Palaeontologists at the University of Manchester have definitively proven there will never be a Jurassic Park after re-analysing collagen from a Tyrannosaurus rex bone discovered more than a decade ago.
It is probably the most common question Palaeontologists are asked by the public, "Could Jurassic Park become a reality?" The claims of protein sequences (peptides) surviving from a 68 million year old Tyrannosaurus rex fossil discovered ten years ago sparked the imagination of many scientists worldwide that, potentially, there may be hope one day.
Prehistoric proteins might well have supplied the first possible glimpse of the steps toward rebuilding dinosaurs. This discovery, however, was not met with universal acceptance and caused much debate among the scientific community. Subsequent analyses by the same team furthered this work with another dinosaur, this time the hadrosaur (duck-billed dinosaur), Brachylophosaurus. The main argument against this prior work was levelled at the possibility of bacterial contamination, but a more fundamental concern was the possibility of modern contamination from bones analysed in the laboratory.
Dr. Mike Buckley, from The University of Manchester's School of Earth and Environmental Sciences, said: "The discovery of proteins in dinosaur bones sent a shockwave around the world, both among scientists and the public. It appeared that fiction was now being converted to fact through the application of new techniques."
So a team based at the University of Manchester and at the National Museums Scotland, led by Dr Buckley, set out to explore the possibility of whether the claimed dinosaur peptides could have come from modern animals, given that ostriches and alligators that were known to be used by the labs in the original studies.
The Manchester team analysed samples of bone from three different ostriches, finding strong matches to all of the originally reported fossil peptides from both T. rex and Brachylophosaurus. These results highlight the need for robust authentication criteria when attempting to identify biomolecular sequence information from truly ancient fossilised material.
Dr. Buckley added: "Our work set out to identify the collagen fingerprints for both Ostrich and Alligator and was not intending to debunk the previous studies. However, we soon realised that our results were pulling the rug from beneath the paradigm that collagen might survive the ravages of deep time".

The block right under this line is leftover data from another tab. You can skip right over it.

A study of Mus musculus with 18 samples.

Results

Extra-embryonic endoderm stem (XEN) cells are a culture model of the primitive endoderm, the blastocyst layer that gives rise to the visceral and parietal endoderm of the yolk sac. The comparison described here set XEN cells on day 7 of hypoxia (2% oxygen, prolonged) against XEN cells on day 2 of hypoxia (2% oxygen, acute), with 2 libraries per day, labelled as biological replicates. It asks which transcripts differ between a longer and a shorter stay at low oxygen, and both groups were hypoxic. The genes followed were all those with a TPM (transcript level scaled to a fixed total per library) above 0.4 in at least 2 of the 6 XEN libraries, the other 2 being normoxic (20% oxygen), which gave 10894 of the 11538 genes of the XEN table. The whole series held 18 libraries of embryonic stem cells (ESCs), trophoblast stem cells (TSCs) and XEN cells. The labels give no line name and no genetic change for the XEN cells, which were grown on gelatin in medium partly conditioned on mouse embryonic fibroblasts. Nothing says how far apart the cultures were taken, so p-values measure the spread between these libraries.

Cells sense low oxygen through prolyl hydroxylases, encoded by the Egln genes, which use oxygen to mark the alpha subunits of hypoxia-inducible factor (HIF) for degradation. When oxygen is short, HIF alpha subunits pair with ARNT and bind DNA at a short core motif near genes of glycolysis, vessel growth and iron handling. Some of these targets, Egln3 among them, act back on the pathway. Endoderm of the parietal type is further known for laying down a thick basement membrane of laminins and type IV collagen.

Collagen is the key protein within bone that provides the flexibility in the skeleton and is intimately locked within the minerals that comprise bone. This ubiquitous material dominates both the archaeological and palaeontological record and can provide important information on both living and extinct organisms. However, the survival of collagen sequences beyond 3.5 million years old has not been achieved and validated by any other team.
Co-author and Professor of Natural History at The University of Manchester, Prof. Phil Manning, added: "The fossil record is offering new information on a daily basis through the application of new technology, but we must never forget that when results show us something that we really want to see, that we make sure of our interpretation. The alleged discovery of protein sequences in dinosaur bones has led many unsuccessful attempts to repeat these remarkable claims. It seems we were trying to reproduce something that was beyond the current detection limits of our science".
The controls that are used to constrain the evolutionary relationships between extinct and existing orgranisms have to be completely isolated from the subject of study (i.e. the dinosaur bone), so that the highly sensitive techniques do not pick-up residues of misleading contaminants. This leading to a false ceiling for other scientists to achieve, which in reality is highly challenging.
Finally, Dr. Buckley added, "We are seeing something similar in our study, as to what happened with the ancient DNA world over 20 years ago when the scientific world had to recalibrate their aspirations when it came to the survival of this delicate molecule of life through deep time. It seems that the idiom that exceptional claims require exceptional evidence remains."